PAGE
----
A STUDENT who feared he was suffering from an eating disorder hanged himself after smoking cannabis, an inquest heard.

Harry Yardley committed suicide at his home in Honeysuckle Close, Badger Farm, after writing comments in a notebook and posting a video of himself on YouTube.

Winchester coroner Grahame Short said the student’s use of cannabis may have influenced his decision to take his own life.

Harry was a first-year student at Winchester University.

The body of the 19-year-old Londoner was found on January 23 by one of his housemates, none of whom had seen or heard from him for several days.

In a statement read to the inquest student Amy Morgan said she last saw him on January 19.

She said: “He seemed very quiet. He was not his usual self and did not engage with me. He was dressed in a suit, which I felt was rather strange because I had never seen him in a suit before.”

One of the paramedics sent to the scene said he saw a suicide note in the student’s diary.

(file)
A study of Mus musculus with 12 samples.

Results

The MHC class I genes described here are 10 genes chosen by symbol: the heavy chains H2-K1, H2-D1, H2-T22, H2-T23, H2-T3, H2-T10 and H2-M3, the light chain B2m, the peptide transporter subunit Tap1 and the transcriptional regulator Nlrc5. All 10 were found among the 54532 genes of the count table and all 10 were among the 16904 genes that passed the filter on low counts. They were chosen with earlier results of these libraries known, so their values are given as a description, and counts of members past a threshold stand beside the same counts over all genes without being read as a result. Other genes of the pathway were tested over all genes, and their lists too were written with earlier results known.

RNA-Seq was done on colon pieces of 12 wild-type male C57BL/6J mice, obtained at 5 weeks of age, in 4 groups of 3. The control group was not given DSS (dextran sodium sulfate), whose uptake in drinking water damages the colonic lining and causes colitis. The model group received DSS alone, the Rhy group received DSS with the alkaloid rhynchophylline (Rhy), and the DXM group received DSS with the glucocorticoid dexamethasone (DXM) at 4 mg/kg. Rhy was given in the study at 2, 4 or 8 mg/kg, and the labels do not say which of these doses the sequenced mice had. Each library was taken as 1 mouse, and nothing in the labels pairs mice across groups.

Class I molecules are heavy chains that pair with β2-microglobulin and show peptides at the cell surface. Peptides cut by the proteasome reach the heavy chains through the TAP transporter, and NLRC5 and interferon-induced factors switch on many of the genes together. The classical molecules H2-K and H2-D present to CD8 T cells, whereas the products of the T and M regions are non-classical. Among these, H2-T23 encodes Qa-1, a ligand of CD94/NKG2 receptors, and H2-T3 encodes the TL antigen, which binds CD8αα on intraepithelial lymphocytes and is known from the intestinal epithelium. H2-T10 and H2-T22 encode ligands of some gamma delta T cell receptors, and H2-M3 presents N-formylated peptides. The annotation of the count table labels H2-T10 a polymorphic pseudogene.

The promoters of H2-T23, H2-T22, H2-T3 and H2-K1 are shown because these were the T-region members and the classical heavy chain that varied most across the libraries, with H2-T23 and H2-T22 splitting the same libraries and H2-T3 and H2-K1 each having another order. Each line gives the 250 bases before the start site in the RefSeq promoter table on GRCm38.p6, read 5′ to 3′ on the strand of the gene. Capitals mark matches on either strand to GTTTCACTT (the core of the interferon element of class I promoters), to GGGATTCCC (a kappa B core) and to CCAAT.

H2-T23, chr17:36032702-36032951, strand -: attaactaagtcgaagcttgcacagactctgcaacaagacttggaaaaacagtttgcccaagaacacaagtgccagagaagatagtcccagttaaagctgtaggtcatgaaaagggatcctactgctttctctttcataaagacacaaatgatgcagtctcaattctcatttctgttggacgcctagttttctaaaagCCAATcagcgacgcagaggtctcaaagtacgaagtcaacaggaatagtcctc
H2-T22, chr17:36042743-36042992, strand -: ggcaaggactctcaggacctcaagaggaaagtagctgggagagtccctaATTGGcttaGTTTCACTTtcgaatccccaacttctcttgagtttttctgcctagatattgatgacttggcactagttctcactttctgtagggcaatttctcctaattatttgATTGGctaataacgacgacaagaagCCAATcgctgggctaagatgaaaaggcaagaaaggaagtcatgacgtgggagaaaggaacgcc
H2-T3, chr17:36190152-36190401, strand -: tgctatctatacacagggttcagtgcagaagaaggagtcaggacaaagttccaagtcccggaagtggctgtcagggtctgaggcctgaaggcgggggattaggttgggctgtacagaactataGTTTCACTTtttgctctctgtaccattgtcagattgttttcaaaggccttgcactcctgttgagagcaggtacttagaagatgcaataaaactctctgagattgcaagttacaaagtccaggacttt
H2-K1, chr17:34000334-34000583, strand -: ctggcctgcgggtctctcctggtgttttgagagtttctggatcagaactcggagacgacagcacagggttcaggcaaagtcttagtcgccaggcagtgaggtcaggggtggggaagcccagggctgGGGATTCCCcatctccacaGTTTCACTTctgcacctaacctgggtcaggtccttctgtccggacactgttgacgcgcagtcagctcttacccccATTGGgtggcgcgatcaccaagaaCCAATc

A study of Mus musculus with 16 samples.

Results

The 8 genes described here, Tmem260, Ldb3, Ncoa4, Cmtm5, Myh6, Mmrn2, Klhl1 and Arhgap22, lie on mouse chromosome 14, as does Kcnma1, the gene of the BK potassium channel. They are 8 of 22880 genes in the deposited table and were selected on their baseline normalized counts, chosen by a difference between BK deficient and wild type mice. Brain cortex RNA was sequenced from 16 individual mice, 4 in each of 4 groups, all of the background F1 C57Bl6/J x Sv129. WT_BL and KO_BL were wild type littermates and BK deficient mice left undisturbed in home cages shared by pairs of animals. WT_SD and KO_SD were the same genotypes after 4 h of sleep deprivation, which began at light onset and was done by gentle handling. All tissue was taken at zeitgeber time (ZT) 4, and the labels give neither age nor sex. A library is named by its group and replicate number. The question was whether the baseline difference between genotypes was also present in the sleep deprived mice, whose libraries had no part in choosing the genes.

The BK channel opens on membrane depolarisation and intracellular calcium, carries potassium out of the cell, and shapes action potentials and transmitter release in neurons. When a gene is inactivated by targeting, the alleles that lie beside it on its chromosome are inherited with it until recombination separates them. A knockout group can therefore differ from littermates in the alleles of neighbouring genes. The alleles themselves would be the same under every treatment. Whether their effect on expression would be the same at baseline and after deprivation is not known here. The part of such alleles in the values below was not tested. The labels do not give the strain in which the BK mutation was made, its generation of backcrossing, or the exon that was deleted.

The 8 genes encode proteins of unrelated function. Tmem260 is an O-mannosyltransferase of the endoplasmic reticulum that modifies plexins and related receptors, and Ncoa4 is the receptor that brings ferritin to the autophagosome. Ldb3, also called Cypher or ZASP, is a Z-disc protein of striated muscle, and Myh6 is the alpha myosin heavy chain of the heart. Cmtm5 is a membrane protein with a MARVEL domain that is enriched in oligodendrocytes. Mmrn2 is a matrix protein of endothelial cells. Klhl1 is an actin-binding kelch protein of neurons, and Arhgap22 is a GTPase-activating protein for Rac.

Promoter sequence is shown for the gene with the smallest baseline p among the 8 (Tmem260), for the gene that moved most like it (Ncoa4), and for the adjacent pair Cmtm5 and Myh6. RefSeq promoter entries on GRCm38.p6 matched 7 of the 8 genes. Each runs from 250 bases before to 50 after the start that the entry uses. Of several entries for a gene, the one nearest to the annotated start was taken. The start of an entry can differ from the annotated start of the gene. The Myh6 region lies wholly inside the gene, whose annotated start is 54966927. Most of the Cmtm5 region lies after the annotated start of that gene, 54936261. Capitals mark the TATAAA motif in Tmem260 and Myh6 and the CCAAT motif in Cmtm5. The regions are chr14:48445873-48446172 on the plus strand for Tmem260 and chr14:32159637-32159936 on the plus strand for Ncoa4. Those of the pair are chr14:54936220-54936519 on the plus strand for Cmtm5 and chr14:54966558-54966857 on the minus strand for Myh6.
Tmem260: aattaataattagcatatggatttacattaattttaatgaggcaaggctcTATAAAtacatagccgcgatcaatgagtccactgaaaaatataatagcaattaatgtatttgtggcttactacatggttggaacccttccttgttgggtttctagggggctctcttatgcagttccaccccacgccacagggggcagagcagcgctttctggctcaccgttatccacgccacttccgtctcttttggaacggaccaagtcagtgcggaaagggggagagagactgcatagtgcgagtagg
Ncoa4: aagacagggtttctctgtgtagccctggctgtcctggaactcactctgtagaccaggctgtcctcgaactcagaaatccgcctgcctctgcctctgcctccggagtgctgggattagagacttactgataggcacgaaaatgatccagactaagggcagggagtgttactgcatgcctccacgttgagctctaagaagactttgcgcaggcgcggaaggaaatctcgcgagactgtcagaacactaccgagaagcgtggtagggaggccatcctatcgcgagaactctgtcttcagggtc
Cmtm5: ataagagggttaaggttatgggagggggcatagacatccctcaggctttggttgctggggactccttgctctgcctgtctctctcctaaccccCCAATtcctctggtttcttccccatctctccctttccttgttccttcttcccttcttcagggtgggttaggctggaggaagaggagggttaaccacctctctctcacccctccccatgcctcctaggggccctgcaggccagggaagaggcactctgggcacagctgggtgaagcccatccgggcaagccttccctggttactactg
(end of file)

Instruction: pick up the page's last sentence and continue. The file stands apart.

Outlining the results of a post-mortem Mr Short said there was no alcohol in the student’s body but he had recently smoked cannabis.

He said: “Harry had written a note in a book that had been carefully placed on the desk beside his bed. He believed he was suffering from bulimia. This may have been the case but there had been no formal medical diagnosis of this condition.”

Mr Short said the student had not shared his fears with his friends and family but added: “The note and the video both make it clear that this is what he believed. He had a perfectly normal stature and was misguided in this respect.”

Mr Short recorded a conclusion of suicide, adding: “He had smoked cannabis at some stage prior to his death and may have been affected mentally. It may be a potential explanation.”

The inquest was attended by the student’s heartbroken parents.

Mr Short told them: “I cannot think of anymore more devastating than learning that your son had died in these circumstances. There’s nothing I can say to console you.”

Speaking shortly after his death they referred to the “massive void” which had been left in their lives. They added: “Harry was gentle, loving, kind, caring, sensitive, fun-loving, charming, polite and quick-witted.

“He was, and still is, very much loved by his parents, sisters, family members, friends and everyone who was fortunate enough to know him.”